Vasectomies have the potential to be a powerful tool to curb population. By nature, they serve as a more effective, long-term solution than other methods of contraception. The procedure is a one time ordeal, as opposed using a condom or birth control pill, and avoids the negative side effects of hormonal birth control for women while have very few side effects itself. This could be especially effective in areas with low resources that have poor access to other contraceptives. However, despite being the most effective form of male contraception, only 2.4% of men use vasectomy worldwide. Why are vasectomies so unpopular? And how can we change that?
For one, many people are simply uninformed about vasectomy as a birth control method. Studies of vasectomy awareness in Ethiopian, Nigerian, and Turkish men and women range from a lowest of 15.6% to highest of 39.6%. This extends to doctors as well- many care providers in low resource areas are not well informed about vasectomy, and do not provide the service. This lack of awareness is a major barrier to making vasectomy a more popular form of birth control.
Another reason is negative attitudes toward vasectomy. Surveys showed that some participants felt that a vasectomy results in a loss of masculinity, or that they would be judged by others if they found out about the procedure. In India, men felt that a vasectomy would make them subservient to their wife, and that female sterilization is preferred because men contribute more economically (note that tubal ligation is far more invasive, costly, and dangerous that a vasectomy). These attitudes ultimately stem from deeply ingrained sexism. Getting rid of these erroneous notions would go a long way in making vasectomy more prevalent. In Africa, 0.1% of men have undergone vasectomies. Myths and misconceptions stop African men from going for a vasectomy, and vasectomy is often associated with de-masculinisation, framing it in terms of castration.
One of the most effective ways of both increasing awareness and correcting negative attitudes toward vasectomy is through education, both within the community and through mass communications. Programs such as the ACQUIRE Project’s “Get a Permanent Smile” campaign sought to address myths regarding vasectomies in low resource areas in Bangladesh and Ghana through posters, radio and television broadcasts. These types of campaigns are quite effective, and have been shown to cause spikes in demands for vasectomies.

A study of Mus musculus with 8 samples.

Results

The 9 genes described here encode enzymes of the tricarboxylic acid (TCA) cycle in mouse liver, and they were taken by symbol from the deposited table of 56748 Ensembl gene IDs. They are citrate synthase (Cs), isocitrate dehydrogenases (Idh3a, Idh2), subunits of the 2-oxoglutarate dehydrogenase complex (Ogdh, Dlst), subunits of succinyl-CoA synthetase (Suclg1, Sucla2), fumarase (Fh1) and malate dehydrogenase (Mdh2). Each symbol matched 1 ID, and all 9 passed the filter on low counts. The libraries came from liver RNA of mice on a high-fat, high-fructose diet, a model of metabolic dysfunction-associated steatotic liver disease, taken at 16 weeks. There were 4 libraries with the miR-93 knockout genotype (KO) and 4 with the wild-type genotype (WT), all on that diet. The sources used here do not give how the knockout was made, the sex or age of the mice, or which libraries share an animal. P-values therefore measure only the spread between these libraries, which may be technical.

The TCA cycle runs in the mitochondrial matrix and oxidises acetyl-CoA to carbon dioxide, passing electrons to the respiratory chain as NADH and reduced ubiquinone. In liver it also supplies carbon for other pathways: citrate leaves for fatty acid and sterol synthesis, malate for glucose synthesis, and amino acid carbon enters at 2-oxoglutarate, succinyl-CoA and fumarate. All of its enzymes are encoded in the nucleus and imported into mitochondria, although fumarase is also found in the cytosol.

Employer based promotion is another method of making vasectomies more popular. Once again education is key here. In one Indian study, employees from several workplaces were allowed to attend educational workshops on long acting birth control methods. Companies also trained health coordinators, provided health service desks, and providing a family planning hotline. Participants were reportedly more likely to discuss family planning, as well as make the switch from short-term contraceptives to long term ones. Incentivising employers to provide such services to their employees would encourage more men to get a vasectomy.
Vasectomies have been sorely underutilized as a form of contraception. It may be a long road ahead before worldwide adoption of vasectomy as a birth control method is reached, but as information becomes more widely available, more men will opt for vasectomies.